Many of us have complained at some point about being too busy. Jesus was busy. In Mark 5:21-43, having fed a multitude of people with the words of eternal life on the shores of Galilee, to calming a storm at sea, Jesus heads for the Gadarene on the other side.
Setting His foot on dry land Jesus is immediately confronted by a demon-possessed madman. Jesus sets him free. Leaving the neighbourhood and heading back across the sea, Jesus steps into Galilee once again and is immediately swamped by enthusiastic and curious followers.
No sooner does he make it up the beach and He is interrupted by a local synagogue ruler named Jairus. Jairus pleads with Jesus to lay His hand upon his dying daughter. On His way to the home of Jarius, Jesus is touched by a woman who had been hiding among the sea of people.
Jesus heals her of a debilitating and defiling condition.
He then discovers that the girl he was on his way to heal is dead. Jesus turns to comfort Jairus with the words, “Do not be afraid, only believe.”
When Jesus gets to the house the girl is in fact dead. Jesus goes in, takes the girl by the hand and raises her from the dead. He then calls forth the family to give her something to eat.
All in a days’ work. What did you do yesterday?
Jesus was not only busy: He was fruitful. He was productive. His productivity consisted of being a neighbour to the person directly in front of Him at any given moment.
Some people feel guilty that they aren’t doing enough for God. Others feel guilty because they use “busyness” as an excuse to avoid serving the neighbour in their path. But what does God require of us?
Solomon has a great saying that offers a very helpful starting point. Solomon says,
Whatever your hand finds to do, that do with all your might. (Ecclesiastes 9:10)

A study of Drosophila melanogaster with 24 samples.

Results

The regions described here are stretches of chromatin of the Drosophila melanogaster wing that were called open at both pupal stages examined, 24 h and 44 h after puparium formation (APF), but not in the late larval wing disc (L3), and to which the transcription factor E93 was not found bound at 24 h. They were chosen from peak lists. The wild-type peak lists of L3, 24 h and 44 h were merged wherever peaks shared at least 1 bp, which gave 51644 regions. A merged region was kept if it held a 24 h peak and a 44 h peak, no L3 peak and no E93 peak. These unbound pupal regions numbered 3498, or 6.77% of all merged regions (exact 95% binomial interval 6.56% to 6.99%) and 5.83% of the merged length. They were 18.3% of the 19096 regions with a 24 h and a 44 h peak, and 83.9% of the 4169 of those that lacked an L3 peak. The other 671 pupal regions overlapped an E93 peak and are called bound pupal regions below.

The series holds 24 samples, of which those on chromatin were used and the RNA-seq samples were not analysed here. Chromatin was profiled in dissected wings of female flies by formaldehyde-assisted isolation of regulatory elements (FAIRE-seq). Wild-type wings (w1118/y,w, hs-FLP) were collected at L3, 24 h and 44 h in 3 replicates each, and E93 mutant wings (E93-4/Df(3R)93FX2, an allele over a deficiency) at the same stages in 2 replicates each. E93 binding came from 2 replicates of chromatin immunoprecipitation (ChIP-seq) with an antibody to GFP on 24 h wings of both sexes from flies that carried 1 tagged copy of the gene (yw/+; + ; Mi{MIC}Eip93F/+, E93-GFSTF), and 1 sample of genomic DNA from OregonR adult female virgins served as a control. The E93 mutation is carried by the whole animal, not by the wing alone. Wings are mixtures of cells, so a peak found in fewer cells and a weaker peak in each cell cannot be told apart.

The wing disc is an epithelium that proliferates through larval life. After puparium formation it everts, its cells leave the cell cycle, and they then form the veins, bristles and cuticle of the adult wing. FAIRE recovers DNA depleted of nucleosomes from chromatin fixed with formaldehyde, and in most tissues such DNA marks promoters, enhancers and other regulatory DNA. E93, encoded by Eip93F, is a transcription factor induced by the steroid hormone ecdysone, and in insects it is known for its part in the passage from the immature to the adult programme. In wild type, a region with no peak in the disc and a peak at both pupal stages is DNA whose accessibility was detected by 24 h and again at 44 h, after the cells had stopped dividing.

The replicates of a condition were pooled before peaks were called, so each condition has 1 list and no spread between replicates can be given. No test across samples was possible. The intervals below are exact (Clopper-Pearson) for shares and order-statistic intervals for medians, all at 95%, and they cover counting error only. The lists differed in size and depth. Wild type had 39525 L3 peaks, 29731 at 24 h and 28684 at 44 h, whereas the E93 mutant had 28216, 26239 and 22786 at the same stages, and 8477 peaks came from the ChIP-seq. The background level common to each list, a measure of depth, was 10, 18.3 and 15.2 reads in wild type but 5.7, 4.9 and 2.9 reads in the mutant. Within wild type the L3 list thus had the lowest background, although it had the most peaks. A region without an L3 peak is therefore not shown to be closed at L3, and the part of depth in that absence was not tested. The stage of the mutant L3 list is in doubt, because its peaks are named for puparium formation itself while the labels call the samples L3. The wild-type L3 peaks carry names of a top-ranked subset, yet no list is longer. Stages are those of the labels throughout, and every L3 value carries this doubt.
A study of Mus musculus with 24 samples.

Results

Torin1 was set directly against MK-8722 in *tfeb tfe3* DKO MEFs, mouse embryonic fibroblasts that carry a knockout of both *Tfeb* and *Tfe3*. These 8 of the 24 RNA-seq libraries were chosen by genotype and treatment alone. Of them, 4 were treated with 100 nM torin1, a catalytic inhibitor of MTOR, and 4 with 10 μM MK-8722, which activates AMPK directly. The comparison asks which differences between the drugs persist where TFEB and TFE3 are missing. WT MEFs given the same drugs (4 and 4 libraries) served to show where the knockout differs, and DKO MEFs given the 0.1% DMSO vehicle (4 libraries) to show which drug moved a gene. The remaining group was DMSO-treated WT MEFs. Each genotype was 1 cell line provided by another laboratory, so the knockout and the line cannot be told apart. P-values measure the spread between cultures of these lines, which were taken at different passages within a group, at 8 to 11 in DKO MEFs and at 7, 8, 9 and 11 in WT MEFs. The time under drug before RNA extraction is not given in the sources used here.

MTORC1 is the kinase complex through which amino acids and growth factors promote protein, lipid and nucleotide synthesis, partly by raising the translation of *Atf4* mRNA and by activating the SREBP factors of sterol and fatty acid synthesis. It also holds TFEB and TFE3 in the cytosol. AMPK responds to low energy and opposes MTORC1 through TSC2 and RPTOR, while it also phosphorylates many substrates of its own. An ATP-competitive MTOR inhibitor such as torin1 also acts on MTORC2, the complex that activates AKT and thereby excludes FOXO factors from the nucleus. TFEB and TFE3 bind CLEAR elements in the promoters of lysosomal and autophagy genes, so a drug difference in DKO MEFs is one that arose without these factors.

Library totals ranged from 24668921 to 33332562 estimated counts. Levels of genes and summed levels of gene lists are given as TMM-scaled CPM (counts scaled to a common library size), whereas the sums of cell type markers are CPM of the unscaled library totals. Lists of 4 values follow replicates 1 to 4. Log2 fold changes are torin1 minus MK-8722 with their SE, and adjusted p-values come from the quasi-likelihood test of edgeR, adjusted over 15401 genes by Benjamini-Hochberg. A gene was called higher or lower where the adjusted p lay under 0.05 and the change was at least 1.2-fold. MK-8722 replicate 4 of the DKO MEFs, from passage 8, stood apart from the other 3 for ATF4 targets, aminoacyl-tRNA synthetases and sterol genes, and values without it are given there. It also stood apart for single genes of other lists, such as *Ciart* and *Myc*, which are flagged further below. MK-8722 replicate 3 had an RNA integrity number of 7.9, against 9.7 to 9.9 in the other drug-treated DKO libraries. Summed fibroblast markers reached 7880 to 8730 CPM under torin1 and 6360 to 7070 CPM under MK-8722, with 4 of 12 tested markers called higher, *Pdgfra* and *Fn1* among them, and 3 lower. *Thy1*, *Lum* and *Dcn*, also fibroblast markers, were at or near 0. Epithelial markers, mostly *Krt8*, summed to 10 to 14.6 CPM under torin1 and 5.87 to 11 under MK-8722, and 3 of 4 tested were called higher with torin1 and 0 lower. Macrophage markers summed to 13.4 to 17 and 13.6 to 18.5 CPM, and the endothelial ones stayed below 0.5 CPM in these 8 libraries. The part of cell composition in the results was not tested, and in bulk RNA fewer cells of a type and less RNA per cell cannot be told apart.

Instead of grasping at things to fill up your own lap, what would it look like to serve Jesus by just doing what comes across our path and giving it your total commitment at any given moment?
Jesus promises grace for these moments (Matthew 6:30, 34).
We tend to bury ourselves beneath things not required, not commanded, and then have little time left for the people God actually brings across our path. These things exhaust us and then we complain. We switch fruitfulness for busyness and burn ourselves out.
What we are often really doing is trying to be a little powerhouse god, rather than simply and joyfully serving God right where we’re at today.
God calls us to die to ourselves by dying to that multitude of pointless, busy tasks in order to do a few, glorious yet simple things day by day.
That was Jesus. God put Jesus to death in order to put Him to work, in order that He might bear fruit to God.
Jesus surrendered and died to a multitude of ordinary good things in order to busy Himself with a few really great and glorious things, many of them seemingly small; like the present need of a synagogue ruler’s dying daughter.
Jesus was busy at work, attending to a multitude of otherwise unnoticed, small, yet glorious opportunities to bring mercy and rest. Opportunities—not to be grasped at—but which, in God’s providence, were brought across His path.
Jesus didn’t burn out because, as a man, He was depending on strength from above. Jesus trusted that God would bring across His path all that was required of Him and that God would also supply the grace to tackle those things joyfully.